What do we call major challenges? These are the problems and opportunities to which we cannot respond to within the existing order of things. The problems, tasks, opportunities are so significant that they require another scientific and technological approach. The key problem is to move on to another logic of our coexistence with nature — Andrey Fursenko, Aide to the President of the Russian Federation.
The way we use natural resources today, how we burn them, is of great concern, so it is especially important for us to consider biology, nature and promote more sustainable industrial development — Badr Al-Olama, Head of the Organizing Committee, Global Manufacturing and Industrialisation Summit.
In the middle of the XIX century most of the population was rural and worked to serve a small industrial part. The ways of production in agriculture required a large number of people. Some time ago, 2% of the rural population provided for everyone else. They were pushed out of agriculture into industry. Today the exact same thing is happening in the industry that happened in agriculture a hundred years ago —people are no longer necessary — Mikhail Kovalchuk, President of Kurchatov Institute National Research Centre.
There is a missing link in the strategic choice of Industry 4.0. <...> A lot of labour resources will be released, but this will be the labour resources of the elite. And what about the middle class? Highly developed countries will engage in high-tech work, but what will the rest do? These issues need to be discussed — Olga Memedovic, Chief Business Environment, Cluster and Innovation Division, Department of Trade, Investment and Innovation, UNIDO.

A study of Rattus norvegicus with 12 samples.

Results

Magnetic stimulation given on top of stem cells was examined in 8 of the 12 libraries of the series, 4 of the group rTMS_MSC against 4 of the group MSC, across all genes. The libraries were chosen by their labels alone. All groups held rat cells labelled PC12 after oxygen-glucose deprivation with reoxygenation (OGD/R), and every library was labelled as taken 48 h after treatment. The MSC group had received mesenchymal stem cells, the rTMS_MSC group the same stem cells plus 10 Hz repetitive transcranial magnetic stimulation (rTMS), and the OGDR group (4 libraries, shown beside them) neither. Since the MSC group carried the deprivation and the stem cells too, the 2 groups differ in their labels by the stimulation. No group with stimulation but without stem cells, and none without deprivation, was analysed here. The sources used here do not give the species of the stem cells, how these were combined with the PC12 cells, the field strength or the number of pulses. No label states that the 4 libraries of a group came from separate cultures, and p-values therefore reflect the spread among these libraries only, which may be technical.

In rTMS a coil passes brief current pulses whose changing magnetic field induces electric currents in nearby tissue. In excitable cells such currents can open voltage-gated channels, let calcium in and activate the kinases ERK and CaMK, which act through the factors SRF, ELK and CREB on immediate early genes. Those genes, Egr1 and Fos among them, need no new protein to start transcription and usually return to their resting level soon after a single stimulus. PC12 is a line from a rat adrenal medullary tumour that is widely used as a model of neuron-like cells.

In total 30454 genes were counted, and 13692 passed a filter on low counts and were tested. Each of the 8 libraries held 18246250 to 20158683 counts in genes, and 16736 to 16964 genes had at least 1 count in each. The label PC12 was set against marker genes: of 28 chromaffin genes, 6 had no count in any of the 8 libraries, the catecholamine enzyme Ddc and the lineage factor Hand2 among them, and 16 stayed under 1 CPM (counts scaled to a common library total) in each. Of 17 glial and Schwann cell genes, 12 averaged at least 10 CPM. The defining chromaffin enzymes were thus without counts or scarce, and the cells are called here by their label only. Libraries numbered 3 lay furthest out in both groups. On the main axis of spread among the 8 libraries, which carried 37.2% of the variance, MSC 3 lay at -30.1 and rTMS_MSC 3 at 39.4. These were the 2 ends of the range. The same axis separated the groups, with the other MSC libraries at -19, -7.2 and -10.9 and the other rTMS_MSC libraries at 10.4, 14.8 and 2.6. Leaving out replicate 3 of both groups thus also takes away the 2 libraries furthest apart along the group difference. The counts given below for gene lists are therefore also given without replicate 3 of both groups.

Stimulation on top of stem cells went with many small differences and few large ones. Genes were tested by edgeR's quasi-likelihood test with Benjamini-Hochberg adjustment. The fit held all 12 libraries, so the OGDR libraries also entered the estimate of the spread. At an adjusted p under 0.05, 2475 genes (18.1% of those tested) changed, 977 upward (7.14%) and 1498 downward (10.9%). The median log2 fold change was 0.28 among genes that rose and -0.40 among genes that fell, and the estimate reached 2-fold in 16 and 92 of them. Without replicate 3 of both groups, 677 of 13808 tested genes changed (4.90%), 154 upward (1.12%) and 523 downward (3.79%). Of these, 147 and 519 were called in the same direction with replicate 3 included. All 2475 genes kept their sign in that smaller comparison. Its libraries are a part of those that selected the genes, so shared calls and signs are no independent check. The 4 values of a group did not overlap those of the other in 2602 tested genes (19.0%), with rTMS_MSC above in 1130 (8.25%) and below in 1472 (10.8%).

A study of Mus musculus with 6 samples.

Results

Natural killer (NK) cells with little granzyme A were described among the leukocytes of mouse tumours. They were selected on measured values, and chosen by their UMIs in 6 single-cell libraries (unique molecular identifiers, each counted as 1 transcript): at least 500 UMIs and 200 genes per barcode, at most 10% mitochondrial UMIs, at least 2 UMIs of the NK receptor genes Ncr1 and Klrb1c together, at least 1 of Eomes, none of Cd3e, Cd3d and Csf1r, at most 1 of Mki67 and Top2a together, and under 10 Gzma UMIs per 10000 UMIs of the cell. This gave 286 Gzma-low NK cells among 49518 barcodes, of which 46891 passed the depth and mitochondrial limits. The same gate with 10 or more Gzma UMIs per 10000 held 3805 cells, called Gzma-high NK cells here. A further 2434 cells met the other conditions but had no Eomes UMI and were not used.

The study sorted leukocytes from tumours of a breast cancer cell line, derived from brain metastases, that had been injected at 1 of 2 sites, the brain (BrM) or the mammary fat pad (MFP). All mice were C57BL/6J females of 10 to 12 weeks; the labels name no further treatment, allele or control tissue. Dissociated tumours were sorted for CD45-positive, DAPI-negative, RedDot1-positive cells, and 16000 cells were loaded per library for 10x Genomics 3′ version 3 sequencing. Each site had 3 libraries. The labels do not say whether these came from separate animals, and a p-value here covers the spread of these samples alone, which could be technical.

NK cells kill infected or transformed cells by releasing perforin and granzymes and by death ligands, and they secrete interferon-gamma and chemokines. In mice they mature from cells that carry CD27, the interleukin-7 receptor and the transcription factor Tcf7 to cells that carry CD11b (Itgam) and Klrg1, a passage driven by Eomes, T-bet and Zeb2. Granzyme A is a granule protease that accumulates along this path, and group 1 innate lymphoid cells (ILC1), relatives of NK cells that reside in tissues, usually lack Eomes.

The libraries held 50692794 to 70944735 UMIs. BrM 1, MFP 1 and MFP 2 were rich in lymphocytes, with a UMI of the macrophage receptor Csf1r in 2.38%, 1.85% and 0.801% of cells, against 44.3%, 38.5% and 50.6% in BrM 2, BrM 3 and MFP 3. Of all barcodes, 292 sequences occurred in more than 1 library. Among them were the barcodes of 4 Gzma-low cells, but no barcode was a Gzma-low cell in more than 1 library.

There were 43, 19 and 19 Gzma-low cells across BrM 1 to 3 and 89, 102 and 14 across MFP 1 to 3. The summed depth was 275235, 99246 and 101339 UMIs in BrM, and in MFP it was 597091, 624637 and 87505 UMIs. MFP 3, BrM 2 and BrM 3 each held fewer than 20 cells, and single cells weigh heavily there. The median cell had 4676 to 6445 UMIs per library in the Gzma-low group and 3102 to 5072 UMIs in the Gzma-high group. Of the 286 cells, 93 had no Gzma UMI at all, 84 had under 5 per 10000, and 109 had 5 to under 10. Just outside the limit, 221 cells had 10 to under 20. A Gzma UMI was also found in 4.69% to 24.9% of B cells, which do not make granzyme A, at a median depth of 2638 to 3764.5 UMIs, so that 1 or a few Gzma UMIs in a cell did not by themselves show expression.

The world population is growing and by 2050 will reach the figure of 10 billion people. For mankind it is necessary to produce more energy. But at the same time, energy production is a very big problem, because this is the first cause of climate change — Christophe Behar, Nuclear and Renewable Energy Development Director, FAYAT.
In pursuit of research and scientific results we can create what will be a risk. Today risks arise not for specific people or groups of people, but for the entire human population — Anna Popova, Deputy General Director, IBS.
Civilization has come to a threshold beyond which lies the exhaustion of all kinds of resources. This requires a new way of life, a new concept of responsible development — Alexander Dynkin, President, Primakov National Research Institute of World Economy and International Relations, Russian Academy of Sciences.
In the field of nature-like technologies, we need to use three things. The first is to understand how nature behaves. The second is to imitate it with the help of new technology, and the third is to use it for industrial purposes. We must use different scientific disciplines while working on this subject — Christophe Behar, Nuclear and Renewable Energy Development Director, FAYAT.
The first stage in the formation of nature-like technologies is the fusion of our high-technology capabilities with our understanding of the design of living life — Mikhail Kovalchuk, President of Kurchatov Institute National Research Centre.
At this stage it is necessary to rebuild the whole system of education, starting with primary school. We must teach children to think in a convergent, interdisciplinary way, but at the same time we must preserve our school of profound knowledge of physics and mathematics — Vladislav Panchenko, Chairman, Russian Foundation for Basic Research (RFBR).
Supranational control over technology is needed. It may and should be introduced in on one country, but this is not enough, because there are no borders. We need a prediction on what we are doing before releasing it to the environment — Anna Popova, Deputy General Director, IBS.